If you fall asleep very fast or have a difficult time falling asleep, you may want to see your eye doctor very soon, according to data collected from more than 6,700 people who completed the National Health and Nutrition Examination Survey. Glaucoma is a serious eye condition that results when nerves in the eye stop sending signals to the brain about what you are seeing. Too much sleep and too little sleep can both be a problem, according to the study.
Are You at Risk?
The study determined that many different factors may be key in determining if you have a higher risk of developing glaucoma.
Sleep More Than 10 Hours a Night
Those individuals self-reporting that they slept more than 10 hours a night were 300 percent more likely to develop glaucoma than those who slept seven hours a night.
Sleep Less Than Three Hours a Night
If insomnia keeps you awake at night so that you normally get less than three hours of sleep, then you are twice as likely to develop insomnia. Doctors say that the optimal amount of sleep to get if you are worried about glaucoma is seven hours.
Need More Than Nine Minutes to Fall Asleep
Scientists studying the data discovered that those individuals who took nine minutes or less were twice as likely to have developed glaucoma ten years after the study was completed.
Need More Than 30 Minutes to Fall Asleep
If you are one of those individuals who toss and turn before you get comfortable and fall asleep, then the researchers have determined you are also twice as likely to have developed glaucoma than those who took between 10 and 29 minutes to fall asleep.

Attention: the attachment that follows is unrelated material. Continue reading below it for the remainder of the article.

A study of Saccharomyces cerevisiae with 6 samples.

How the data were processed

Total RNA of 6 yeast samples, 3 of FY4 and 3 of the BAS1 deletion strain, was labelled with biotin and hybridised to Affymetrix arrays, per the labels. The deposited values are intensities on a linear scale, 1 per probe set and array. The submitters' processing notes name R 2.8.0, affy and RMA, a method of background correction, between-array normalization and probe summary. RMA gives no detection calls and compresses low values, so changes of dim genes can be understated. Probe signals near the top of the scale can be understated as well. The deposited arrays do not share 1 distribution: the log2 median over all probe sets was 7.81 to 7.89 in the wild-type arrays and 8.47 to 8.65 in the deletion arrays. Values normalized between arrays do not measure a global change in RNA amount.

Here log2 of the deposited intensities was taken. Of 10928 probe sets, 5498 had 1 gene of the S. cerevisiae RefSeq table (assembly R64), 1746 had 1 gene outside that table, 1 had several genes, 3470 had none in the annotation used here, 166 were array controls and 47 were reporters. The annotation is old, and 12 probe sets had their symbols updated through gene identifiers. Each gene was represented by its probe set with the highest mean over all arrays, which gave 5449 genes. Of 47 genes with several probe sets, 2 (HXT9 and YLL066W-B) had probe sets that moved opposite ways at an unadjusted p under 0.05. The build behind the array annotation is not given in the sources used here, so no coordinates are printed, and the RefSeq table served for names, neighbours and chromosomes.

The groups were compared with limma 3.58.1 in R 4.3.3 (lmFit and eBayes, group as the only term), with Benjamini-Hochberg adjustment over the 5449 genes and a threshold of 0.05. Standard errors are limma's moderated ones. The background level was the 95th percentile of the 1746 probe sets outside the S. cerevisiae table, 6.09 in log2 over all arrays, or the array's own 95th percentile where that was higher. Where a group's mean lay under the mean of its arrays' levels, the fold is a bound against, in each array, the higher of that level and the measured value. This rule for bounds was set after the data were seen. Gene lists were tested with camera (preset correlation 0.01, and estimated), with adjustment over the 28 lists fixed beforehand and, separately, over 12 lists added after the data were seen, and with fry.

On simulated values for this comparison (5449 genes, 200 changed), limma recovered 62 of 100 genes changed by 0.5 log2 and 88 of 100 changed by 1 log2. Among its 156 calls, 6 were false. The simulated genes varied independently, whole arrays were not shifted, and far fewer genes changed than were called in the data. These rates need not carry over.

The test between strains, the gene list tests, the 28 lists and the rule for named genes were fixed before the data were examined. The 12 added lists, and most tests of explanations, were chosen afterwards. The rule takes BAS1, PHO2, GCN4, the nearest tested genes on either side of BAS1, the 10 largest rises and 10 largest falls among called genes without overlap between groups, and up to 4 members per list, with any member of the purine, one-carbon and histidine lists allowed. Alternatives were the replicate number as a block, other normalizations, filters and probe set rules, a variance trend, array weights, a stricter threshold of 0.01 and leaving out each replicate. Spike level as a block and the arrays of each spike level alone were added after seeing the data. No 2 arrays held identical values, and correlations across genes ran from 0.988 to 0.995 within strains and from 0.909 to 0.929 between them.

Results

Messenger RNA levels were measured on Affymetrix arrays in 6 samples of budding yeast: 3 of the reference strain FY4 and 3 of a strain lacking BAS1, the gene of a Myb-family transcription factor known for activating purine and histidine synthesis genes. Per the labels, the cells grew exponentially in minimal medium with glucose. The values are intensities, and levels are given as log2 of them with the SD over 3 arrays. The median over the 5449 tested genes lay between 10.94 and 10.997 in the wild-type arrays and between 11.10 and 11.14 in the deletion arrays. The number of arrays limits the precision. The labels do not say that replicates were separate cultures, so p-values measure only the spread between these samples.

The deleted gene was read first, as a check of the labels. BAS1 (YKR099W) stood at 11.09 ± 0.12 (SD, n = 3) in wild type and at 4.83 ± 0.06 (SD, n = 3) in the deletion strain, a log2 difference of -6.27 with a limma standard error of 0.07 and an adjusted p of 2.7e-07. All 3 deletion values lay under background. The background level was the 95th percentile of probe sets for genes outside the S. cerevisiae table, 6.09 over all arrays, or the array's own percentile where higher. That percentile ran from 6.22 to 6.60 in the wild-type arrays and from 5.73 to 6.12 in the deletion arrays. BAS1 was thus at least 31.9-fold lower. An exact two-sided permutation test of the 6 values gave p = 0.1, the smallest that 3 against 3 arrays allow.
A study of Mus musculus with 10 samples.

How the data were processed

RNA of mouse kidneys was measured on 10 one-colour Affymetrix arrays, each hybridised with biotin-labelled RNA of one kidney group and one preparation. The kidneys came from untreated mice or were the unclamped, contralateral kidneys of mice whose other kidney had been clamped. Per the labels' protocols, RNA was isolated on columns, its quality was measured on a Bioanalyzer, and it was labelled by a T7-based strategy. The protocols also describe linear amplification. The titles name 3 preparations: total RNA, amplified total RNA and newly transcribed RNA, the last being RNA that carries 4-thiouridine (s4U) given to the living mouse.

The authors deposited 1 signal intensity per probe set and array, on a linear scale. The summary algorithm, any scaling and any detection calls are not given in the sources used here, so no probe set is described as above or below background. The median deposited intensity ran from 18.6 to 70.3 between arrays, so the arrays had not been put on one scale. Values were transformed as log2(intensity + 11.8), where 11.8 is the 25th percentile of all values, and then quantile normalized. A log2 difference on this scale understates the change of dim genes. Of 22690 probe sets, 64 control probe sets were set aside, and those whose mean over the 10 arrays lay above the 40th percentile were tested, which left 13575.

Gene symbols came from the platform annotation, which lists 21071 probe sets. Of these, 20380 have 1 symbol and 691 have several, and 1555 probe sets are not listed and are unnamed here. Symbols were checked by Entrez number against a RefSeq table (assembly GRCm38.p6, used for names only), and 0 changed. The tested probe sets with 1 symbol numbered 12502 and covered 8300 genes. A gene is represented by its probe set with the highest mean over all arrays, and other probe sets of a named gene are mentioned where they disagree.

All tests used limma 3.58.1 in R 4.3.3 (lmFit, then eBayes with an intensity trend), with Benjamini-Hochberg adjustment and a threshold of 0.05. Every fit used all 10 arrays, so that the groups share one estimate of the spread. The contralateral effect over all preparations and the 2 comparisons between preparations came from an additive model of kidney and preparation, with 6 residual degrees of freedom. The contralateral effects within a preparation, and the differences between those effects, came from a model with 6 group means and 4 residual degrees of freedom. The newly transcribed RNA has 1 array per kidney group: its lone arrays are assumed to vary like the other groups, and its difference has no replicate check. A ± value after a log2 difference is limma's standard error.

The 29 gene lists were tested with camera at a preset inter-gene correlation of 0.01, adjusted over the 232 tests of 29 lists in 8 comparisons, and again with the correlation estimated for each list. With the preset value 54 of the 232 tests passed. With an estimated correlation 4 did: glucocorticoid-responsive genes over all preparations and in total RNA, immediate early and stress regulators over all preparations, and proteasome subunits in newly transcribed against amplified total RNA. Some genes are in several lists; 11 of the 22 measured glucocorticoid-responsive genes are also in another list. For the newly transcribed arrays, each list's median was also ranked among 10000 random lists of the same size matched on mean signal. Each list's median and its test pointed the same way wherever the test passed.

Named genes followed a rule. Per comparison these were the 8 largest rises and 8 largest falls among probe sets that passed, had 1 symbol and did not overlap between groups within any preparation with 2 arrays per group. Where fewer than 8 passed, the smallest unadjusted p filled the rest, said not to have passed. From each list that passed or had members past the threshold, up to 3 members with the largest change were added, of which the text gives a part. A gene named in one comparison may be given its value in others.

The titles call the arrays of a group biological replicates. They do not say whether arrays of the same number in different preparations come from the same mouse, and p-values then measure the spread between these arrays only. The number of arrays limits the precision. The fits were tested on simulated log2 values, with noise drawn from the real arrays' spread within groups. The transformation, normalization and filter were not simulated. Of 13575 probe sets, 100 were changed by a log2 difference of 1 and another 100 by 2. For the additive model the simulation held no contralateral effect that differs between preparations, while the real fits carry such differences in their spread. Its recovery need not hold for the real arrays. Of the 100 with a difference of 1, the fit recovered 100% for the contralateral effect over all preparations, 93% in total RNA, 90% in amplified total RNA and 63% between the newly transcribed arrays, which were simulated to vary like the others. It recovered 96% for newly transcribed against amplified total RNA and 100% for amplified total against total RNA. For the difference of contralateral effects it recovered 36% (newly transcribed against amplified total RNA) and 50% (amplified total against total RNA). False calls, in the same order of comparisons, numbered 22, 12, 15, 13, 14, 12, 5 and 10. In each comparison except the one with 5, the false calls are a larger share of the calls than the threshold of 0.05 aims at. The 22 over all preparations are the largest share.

You May Notice Changes First
Doctors know that those who experience glaucoma or other problems with their field of vision often notice the problems first. The same study found that those who reported being sleepy during the day had an increased risk of problems than their counterparts who reported normally feeling well rested during the day. People who self-reported that they had trouble engaging with their favorite pastime during the day because of sleepiness were found to be three times more likely to have some type of vision loss than those who reported no daytime sleepiness.
The team recommends that you see an eye doctor at 40 for a baseline evaluation. Then, you should follow their recommendations for future exams. If you are looking for an optometrist in Orlando, then consider Eyes of Winter Park. You will love their wide selection of frames if glasses are recommended. This optometrist in Orlando always maintains a very clean office and spends hours keeping abreast of the most recent research affecting your eyes. Make an appointment today to be seen at the conveniently located offices of Eyes of Winter Park.